How a 20-Year-Old Is Using TikTok to Change How We Talk About Autism
Paige Layle wants to change the way people talk about mental disorders. The 19-year-old has gone viral on TikTok after explaining to her viewers the myths and realities of living with the disorder.
A 20-year-old is educating her TikTok viewers on the realities of living as an autistic woman. And Paige Layle says people have the wrong idea.
"Girls end up showing different traits than guys do," Layle said in a four-part explainer series titled, "Autism in Girls."
"Which is why it can take us years to get diagnosed."
Layle, an eyelash technician from Ontario, told Buzzfeed News that she became frustrated by how many people assumed she wasn't autistic because of the way she socialized or presented herself with others.
She finally decided to put matters into her own hands when she noticed people making TikTok videos imitating or making fun of autistic people. In her videos, she touches specifically on young girl's experiences and how they differ from boys.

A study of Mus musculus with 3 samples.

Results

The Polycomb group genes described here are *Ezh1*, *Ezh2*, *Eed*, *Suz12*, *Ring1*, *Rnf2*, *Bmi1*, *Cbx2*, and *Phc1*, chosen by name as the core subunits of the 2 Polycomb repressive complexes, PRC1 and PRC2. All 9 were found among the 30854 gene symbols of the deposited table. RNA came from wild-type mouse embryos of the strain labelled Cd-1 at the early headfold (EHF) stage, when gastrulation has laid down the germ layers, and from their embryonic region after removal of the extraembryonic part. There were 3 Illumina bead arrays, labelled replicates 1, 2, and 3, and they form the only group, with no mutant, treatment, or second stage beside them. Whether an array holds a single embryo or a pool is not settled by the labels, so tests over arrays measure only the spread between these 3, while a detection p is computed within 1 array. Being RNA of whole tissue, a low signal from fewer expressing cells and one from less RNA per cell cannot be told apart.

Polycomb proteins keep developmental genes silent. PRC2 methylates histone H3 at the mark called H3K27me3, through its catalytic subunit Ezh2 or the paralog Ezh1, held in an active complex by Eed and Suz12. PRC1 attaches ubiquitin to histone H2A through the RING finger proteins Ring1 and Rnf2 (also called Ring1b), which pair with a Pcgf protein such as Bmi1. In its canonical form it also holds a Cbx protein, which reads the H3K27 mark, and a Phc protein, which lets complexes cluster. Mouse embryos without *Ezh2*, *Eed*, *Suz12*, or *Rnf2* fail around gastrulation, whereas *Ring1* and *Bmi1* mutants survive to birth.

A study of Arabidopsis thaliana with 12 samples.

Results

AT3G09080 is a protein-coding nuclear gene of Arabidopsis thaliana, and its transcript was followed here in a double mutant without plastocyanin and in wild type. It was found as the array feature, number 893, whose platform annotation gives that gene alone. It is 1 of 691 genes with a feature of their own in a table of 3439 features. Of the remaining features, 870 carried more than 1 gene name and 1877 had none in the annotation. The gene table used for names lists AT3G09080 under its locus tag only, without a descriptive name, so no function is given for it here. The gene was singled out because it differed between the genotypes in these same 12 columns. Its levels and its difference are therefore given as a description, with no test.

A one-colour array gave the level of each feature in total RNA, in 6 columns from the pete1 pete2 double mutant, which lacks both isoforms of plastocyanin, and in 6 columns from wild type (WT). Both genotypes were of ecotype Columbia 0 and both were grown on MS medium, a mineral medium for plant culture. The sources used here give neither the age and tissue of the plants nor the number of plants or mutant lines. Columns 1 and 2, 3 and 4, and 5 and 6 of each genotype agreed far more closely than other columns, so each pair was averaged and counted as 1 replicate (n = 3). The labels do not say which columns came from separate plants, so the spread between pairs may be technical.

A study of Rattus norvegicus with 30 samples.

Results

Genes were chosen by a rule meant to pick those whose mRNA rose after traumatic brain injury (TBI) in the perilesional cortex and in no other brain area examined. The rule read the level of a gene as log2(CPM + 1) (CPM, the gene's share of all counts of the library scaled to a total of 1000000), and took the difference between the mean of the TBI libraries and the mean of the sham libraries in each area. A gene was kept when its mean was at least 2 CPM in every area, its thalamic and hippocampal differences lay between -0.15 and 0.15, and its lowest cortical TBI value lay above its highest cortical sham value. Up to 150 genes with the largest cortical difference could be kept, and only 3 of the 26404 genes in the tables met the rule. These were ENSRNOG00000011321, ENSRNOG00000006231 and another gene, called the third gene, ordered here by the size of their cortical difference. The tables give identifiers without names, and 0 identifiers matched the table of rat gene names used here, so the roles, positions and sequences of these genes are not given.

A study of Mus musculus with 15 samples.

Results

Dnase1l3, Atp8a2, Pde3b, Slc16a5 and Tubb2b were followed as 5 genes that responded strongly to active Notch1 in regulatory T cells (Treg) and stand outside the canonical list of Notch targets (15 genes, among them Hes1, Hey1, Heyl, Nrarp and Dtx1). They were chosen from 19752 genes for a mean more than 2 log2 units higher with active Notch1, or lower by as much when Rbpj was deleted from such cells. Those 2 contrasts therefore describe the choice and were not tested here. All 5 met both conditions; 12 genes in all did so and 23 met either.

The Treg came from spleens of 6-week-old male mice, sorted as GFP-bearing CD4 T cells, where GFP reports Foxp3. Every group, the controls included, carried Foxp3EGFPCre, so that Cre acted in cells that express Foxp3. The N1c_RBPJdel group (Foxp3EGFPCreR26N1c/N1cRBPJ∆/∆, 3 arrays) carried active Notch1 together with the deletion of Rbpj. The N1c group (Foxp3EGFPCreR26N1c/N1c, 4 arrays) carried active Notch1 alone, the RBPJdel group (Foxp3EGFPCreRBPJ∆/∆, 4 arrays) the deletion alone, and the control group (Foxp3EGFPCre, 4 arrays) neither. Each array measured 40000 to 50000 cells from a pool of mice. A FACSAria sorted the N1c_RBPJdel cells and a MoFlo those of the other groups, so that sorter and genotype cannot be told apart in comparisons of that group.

"I was 15 when I got diagnosed, and that's considered early for a girl," they said in the video. "I have a guy friend who's autistic and he was 2 when he got diagnosed."
"A main reason as to why girls are so late to get diagnosed is that we are particularly good at one thing that guys are not so good at when it comes to autism."
She then goes on to explain what "masking" means. Layle says that women often "mask" their emotions and adopt other people's traits and behaviors to show them as their own. "You basically feel like an alien and you're really good at hiding it," they said. "Which is why I don't seem autistic."
Layle is unafraid to use the public platform to debunk stereotypes around the disorder and to spread awareness about what it's actually like to live with autism.
Her videos have now garnered millions of views and her audience is only growing.
"The diagnosis has changed my life for the better. I can understand myself so much better, which is so beneficial for social situations, school/work life, and most importantly being alone. I can now function alone and understand my emotions better," she said.